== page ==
Americans Still in the Halloween Spirit — 42% Eagerly Await the Holiday Despite Covid-19

With Halloween right around the corner, we at Pollfish decided to pick the brains of a wide group of Americans about the spookiest of holidays. 

So we’ve conducted a short survey centered on Halloween 2020 to learn people’s attitudes, plans and more. This article will give retailers, business owners and anyone curious, a glimpse into consumer opinions around this holiday, a key precursor to the holiday season.

We polled 800 participants of varying incomes, education levels, professions and other demographics to see exactly how they’re approaching Halloween. While some responses were predictable, others nonplussed us.

The Halloween Spirit is Alive and Well

We had a rather ghastly outlook when contriving this survey, due to the pandemic and its implications on spending, celebrations and the general mood around the holiday. 

Halloween spending has recently been forecasted to depreciate to $8.05 billion this year, as opposed to $8.78 billion in 2019, a drop of 8.3%.

While this is a grim prospect, our own survey discovered a silver lining: almost 42% of respondents said that they couldn’t wait for the holiday, when asked whether they were excited about it or not.

40% of our respondents marked that they were excited for Halloween, but Covid-19 put a damper on their enthusiasm. What this tells us is that not only are more people looking forward to the upcoming holiday, but that had it not been for the coronavirus, over 80% of responders would approach it in good spirits. 

Only about 6% of participants stated that they’ve always hated Halloween, while only 12% said that they view it as a children’s holiday; the latter is not necessarily an indicator of negative sentiment towards the holiday. 

As a matter of fact, although this portion of the respondents isn’t excited about Halloween, they may still contribute to it, since viewing it as a strictly children’s affair may incite them to buy candy for trick-or-treaters, or possibly even some for themselves.

A Major Disruption

Although a sizable portion of our respondents was enthusiastic about the holiday, Halloween 2020 will not arrive without disturbances, due in large part to Covid-19. When asked whether Covid-19 had affected their Halloween plans, over 60% of respondents answered “yes.”

When combined with the respondents who answered “somewhat,” Covid-19 has affected over 70% of our participants’ Halloween plans. There is a smaller, but sizable amount of responders who said that the coronavirus hadn’t affected their plans for the holidays.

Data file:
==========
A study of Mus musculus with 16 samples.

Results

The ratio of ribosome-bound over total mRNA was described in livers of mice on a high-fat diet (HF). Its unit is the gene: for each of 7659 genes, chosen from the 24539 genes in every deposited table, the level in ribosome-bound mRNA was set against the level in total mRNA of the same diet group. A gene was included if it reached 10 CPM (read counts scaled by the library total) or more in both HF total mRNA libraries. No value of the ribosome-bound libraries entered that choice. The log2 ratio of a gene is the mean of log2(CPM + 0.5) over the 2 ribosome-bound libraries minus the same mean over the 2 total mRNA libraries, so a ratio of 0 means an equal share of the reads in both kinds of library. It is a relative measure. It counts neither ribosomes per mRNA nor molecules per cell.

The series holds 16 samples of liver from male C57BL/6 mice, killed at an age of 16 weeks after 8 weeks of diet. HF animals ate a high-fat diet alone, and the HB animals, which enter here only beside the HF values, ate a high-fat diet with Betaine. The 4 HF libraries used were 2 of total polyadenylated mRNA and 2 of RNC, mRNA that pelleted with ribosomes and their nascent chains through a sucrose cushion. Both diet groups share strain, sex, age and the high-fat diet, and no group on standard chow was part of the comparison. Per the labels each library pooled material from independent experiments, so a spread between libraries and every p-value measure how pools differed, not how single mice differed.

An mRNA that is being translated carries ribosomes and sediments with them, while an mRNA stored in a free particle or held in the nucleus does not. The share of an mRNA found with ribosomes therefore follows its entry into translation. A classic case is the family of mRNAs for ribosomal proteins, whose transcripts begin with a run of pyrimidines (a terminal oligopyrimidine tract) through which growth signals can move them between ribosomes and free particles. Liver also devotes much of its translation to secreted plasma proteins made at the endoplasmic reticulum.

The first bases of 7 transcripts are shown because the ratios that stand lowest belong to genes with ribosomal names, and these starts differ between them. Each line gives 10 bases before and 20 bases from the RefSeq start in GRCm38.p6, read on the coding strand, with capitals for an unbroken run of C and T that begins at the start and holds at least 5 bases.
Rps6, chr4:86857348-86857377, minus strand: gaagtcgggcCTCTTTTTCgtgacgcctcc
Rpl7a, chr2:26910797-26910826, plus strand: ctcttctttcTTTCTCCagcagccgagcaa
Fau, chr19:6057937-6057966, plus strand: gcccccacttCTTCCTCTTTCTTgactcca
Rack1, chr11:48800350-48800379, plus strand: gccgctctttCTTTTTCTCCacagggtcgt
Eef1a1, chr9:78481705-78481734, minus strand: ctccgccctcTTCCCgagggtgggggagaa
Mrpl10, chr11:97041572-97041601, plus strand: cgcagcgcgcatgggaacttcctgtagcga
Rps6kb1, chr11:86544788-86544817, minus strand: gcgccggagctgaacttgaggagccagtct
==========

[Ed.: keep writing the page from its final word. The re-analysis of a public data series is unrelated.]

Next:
This can point to revelers who tend to celebrate at home or those who do not celebrate the holiday at all. Despite the disruption, Americans still have plans on how they are going to spend their Halloween.

Over 35% of responders declared they would spend the holiday at home with a small group of people, while almost 30% said they’d spend it at home by themselves. That means, at about 65%, the majority of responders are going to spend Halloween at home.

When combined with those who said they’d be handing out candy to trick-or-treaters, which is typically done at home, that brings the spending-Halloween-at-home count to a whopping 78%.

Indeed, the disruption of festivities can be felt within this survey. On the other hand, 16.4% of responders marked that they would spend it out and about (but socially distanced). As such, we can see that a smaller (but considerate) amount of people still plan to be slightly more active on Halloween, rather than taking the indoor route.

A Strain or New Hope on the Economy?

As aforementioned, Halloween spending (in total) is going to plunge this year by about 8.3%. This decline is echoed in our survey, as over 35% of respondents said that Covid-19 had in fact affected the way they’ll spend money on Halloween and other holidays.

Combined with those who answered “slightly too much,” Covid-19 has disrupted roughly 62% of our responders’ Halloween expenditures. These responses can account for the dip in projected overall Halloween sales.

Alternatively, there is still some positive news on Halloween spending. Due to the pandemic, 3 out of 4 parents are going to spend more on Halloween 2020 to make up for the difficulties of the year.  

In relation to our survey, there is therefore a possibility that those who reported Covid as having affected their Halloween spending are going to spend more on this Halloween instead of less

The Scariest Thing About 2020

Finally, to close up our survey, we probed our respondents on what they feel is the scariest aspect of 2020. (Sound the drumroll)

As it turned out, the Covid-19 pandemic led the way as the scariest part about 2020, as over half of the respondents (54%) marked this answer.

The presidential race and the racially-charged riots and unrest nearly tied, at 20.15% and 18.77%, respectively.

The only other option, “something else,” included an open-ended field that prompted the responders to elaborate. Most of the answers we received for this open-ended option fell into the above three categories, with coronavirus-related answers taking precedence.

Moving Beyond Halloween

All in all, the coronavirus has clearly been the biggest villain of 2020. But even in darker times, business owners shouldn’t be exceedingly frightened, as US online sales have increased by 43% in September of this year alone.

As we draw nearer to the holiday season, online sales will continue to rise. 

As such, your business too can thrive in these trying times, as long as you properly cater to your customers’ desires and expectations. The best way to achieve this is through market research.